Literary Journal – Spring 2016


Essay by Lois Hazel

Too little, too late . . . that’s what comes to mind when I think of eulogies.  Can my husband comprehend how much his steadfast love, intelligence, and deep spirituality impact my life?  Does my brother know that he has been a touchstone for reality, support, and common sense laced with loving concern during my most trying times?  Does my younger sister feel my admiration for her expansively generous nature and her ability to give exactly what’s needed to someone who is hurting in any way?  And my older sister’s channeling of our mother’s spirit of entertaining—to the last detail of table décor and gifts for her umpteen clubs and groups.  What good is served by touting these unique and exquisite gifts when those to whom we should speak those words are lifeless and still?

Not that eulogies should be banished.  I’ve learned little quirks of the deceased’s personality from these carefully crafted tributes.  Who knew that my brother-in-law’s circumspect Mennonite mother was a scamp?  I remember laughing out loud at her service.  Would it not have been better for Eva to have shared in recalling her early days as a rascal?  And how many questions would I have asked Aunt Bea had I known that she was an accomplished actress?  My teenage imagination would have soared when speaking with her about life on the stage.

The conundrum for me is how to express our sentiments while those special folks are among us, how to salute that which we find compelling in those we love and admire.  I don’t know about your family, but in mine it would seem mildly awkward to start a litany of their virtues to a friend or family member without a bit of prep or build-up.  Perhaps it should be a part of birthday celebrations:  name one lovely character trait for each candle on the cake or for each decade.  Our family drifted in this general direction with a long-ago birthday video and, more recently, a “cry book” in which we inscribed our deep feelings and appreciation for my sister on the occasion of her 60th.  It elicited the expected response (tears) but so much more:  clarity in some relationships, confirmation in others, and astonishment at the depth of feeling drawn forth from a few close kin.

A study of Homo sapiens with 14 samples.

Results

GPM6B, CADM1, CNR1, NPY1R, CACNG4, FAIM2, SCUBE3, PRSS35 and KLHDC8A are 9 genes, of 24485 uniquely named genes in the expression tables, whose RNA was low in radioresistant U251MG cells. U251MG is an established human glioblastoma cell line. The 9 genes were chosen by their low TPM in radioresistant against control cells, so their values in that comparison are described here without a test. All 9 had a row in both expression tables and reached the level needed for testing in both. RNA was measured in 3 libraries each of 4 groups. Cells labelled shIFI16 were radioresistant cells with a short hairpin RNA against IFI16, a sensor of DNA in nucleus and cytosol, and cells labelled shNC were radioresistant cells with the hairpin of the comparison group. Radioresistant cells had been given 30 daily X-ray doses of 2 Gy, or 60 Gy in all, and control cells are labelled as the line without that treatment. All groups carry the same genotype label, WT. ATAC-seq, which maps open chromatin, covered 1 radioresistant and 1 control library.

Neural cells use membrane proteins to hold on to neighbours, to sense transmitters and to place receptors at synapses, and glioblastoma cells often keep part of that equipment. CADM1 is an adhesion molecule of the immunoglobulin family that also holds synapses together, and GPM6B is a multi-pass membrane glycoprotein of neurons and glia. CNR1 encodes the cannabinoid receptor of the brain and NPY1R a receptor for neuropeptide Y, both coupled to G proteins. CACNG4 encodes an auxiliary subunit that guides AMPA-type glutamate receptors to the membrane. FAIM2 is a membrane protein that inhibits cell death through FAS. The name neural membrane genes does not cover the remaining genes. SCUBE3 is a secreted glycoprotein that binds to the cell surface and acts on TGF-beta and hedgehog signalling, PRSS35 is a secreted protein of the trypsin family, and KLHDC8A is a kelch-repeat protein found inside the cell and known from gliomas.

We celebrate, or at least note, such bizarre dates as National Goof-Off Day (March 22) or Look for Circles Day (November 2).  Why not designate Betty Jane Smith Day on her birthday?  Facebook comes close, but only if you post or are a non-posting voyeur.  On your natal anniversary, you will likely be greeted by family, friends, and even voices from your past (some of whom you might have trouble connecting to an era in your life . . . College?  First job?  Or, who-the-heck-are-you?)

Six months prior to one of my husband’s significant birthdays, I mailed to our extended family and friends fancy blank birthday paper, a stamped return envelope, and encouragement to send their thoughts, memories, and perhaps a photo to me.  The deadline I imposed gave me sufficient time to bind all of these precious offerings into a book for my husband.  Many years later, we continue to reminisce while reading each page.  Is this a better idea than a eulogy? I think not.  But I do believe praising the living is a great warm-up for a final farewell.  Ponder it.


Lois Guarino Hazel retired as a project editor from Rodale Press Book Division after 20 years. Her freelance work has appeared in: Sun Magazine (Reader’s Write), and online at and Lois writes flash fiction, memoir, essays, poetry and is working on a book of haiku.